How to keep from choking under pressure - Macleans.ca

How to keep from choking under pressure

Over-motivation activates a part of our brains that makes us impulsive rather than focused


Scientists are just now starting to understand what happens in our brains when we try to achieve a goal, but fail. In a recent study, published in Psychological Science, British and Danish researchers examined the brains of more than a dozen people attempting to earn monetary rewards while playing a video game. Their conclusion: the more participants wanted to succeed, the worse they performed.

This is called over-motivation or incentive-based theory, says Dean Mobbs at the University London College, and an author of the study. “This is when you want something really bad and you have tunnel vision towards it,” he explains. “You narrow your attention and you forget about everything else.” Until now, most research has focused on two possible explanations for why we choke. Distraction theory suggests that external commotion, such as the intense fervor of fans, impairs our concentration. Explicit-monitoring occurs when a person over thinks an act that is usually automatic, which is common among soccer players taking penalty kicks.

Participants in the recent study were hooked up to an MRI machine while playing a video game, similar to Pac-Man, with the goal of capturing a prize worth 50 pence or five pounds. They each filled out a questionnaire to help the researchers gauge how motivated they were to get the money. Of the participants who were deemed most eager to win, there was an increase in activity in the ventral mid-brain. This is where dopamine cells are in the brain; dopamine is a neurotransmitter associated with incentive and motivational drive, says Mobbs. As this increased brain activity occurred, the participants made more impulsive errors. In contrast, participants who were less motivated to get the money saw an increase in activity in the pre-frontal areas of the brain, which are associated with control, technical skills and cognition. “They tended to be better at controlling their behaviour,” says Mobbs, and were more focused.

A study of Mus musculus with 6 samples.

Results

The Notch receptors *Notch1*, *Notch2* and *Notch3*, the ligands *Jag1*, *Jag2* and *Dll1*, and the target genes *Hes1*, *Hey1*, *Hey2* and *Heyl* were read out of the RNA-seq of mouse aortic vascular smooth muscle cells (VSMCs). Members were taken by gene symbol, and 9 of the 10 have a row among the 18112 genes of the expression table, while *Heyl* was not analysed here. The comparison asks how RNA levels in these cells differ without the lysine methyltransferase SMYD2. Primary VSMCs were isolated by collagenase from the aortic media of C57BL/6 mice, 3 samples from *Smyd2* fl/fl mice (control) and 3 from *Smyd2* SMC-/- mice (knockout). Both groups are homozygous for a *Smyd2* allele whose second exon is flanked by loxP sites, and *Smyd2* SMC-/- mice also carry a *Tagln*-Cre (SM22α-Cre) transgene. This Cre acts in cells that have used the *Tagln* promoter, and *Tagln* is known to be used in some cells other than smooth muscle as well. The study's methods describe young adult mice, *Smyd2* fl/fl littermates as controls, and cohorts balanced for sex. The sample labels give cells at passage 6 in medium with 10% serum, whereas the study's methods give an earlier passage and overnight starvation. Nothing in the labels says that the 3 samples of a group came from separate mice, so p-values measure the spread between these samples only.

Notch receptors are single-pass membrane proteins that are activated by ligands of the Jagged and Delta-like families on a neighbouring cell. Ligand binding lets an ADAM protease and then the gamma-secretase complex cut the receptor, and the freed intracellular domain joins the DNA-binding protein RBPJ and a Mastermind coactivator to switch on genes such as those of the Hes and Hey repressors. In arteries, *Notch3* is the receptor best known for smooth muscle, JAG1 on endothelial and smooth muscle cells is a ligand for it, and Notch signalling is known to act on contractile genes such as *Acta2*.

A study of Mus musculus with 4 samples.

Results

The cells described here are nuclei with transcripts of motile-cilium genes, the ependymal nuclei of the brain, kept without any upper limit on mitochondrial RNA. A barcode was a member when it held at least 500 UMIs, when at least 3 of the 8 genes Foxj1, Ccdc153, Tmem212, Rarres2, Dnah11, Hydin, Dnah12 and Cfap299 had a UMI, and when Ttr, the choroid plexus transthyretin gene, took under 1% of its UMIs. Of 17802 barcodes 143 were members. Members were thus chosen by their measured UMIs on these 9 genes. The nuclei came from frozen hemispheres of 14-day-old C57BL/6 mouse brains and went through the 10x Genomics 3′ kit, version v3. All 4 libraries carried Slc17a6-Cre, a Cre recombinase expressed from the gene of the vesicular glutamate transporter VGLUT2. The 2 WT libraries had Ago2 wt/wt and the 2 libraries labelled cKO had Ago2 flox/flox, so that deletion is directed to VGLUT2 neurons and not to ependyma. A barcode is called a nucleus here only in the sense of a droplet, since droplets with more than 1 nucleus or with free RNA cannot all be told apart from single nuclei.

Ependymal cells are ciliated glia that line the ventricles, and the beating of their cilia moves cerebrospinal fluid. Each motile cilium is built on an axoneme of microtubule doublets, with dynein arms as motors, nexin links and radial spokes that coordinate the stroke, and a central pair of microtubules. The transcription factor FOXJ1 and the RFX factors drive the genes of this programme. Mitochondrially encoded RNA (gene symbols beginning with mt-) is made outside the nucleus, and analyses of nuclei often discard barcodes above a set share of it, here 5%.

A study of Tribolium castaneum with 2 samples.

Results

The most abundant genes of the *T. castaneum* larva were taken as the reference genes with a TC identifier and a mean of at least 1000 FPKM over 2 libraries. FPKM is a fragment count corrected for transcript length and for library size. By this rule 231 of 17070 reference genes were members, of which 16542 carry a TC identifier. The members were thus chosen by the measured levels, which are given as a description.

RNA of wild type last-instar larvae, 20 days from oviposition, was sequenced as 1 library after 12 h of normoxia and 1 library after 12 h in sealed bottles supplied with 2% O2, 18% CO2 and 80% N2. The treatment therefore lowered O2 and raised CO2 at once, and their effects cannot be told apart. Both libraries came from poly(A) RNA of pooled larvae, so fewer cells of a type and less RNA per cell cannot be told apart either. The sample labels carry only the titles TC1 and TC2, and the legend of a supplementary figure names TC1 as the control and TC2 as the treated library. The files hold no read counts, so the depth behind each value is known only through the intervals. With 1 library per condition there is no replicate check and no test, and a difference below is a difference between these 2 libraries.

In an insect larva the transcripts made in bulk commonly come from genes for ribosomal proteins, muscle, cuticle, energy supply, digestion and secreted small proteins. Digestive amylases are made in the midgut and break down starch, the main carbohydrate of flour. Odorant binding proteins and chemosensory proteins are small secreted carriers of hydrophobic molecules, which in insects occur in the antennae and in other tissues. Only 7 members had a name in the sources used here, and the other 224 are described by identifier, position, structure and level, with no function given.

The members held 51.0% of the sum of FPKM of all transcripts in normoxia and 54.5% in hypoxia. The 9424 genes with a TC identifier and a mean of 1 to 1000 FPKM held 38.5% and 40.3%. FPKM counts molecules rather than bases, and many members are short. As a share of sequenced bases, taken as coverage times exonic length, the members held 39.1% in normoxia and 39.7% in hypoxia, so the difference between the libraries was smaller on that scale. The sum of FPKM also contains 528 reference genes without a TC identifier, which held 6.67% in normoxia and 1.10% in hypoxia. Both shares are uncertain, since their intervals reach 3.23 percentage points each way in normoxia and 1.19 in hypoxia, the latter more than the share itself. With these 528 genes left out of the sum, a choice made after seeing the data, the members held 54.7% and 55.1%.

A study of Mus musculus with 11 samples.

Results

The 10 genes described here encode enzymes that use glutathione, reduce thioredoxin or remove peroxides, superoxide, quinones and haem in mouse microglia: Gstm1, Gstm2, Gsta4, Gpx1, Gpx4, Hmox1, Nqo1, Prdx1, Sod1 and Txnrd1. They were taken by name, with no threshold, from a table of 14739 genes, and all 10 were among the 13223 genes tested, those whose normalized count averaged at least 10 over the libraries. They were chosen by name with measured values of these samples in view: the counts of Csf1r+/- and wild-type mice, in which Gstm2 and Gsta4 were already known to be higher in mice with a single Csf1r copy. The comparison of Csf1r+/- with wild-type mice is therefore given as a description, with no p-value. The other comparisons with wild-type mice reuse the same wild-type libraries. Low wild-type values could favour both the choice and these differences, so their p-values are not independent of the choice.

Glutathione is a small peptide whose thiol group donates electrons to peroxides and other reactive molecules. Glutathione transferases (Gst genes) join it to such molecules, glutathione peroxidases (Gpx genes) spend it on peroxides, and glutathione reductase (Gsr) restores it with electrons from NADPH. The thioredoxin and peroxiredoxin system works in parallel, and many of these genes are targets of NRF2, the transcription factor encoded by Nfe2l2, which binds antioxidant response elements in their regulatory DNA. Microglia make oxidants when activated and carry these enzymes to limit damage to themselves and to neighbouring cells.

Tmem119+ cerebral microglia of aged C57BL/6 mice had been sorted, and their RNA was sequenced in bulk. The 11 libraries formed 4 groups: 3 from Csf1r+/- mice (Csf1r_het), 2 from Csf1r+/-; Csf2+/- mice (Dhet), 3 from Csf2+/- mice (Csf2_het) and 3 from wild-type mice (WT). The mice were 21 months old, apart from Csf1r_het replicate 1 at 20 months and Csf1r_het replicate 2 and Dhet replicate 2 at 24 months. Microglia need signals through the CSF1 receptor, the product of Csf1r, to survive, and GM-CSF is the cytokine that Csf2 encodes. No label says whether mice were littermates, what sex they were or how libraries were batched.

This suggests that excess activity in the mid-brain caused by over-motivation may obstruct optimal decision-making, says Mobbs. While incentives and rewards can be good motivators, Mobbs says they can also backfire: “There’s a thin line, a certain point where people cross, and their performance can decrease.” Mobbs says an important way to counteract over-motivation is recognizing that too much enthusiasm can cloud one’s ability to concentrate and perform tasks. “I’ve got a feeling that if we’d said [to the participants], ‘You’re making these errors because you’re becoming impulsive. Now regulate your emotions’, they would do better,” says Mobbs. So get your motivation under control. No pressure though.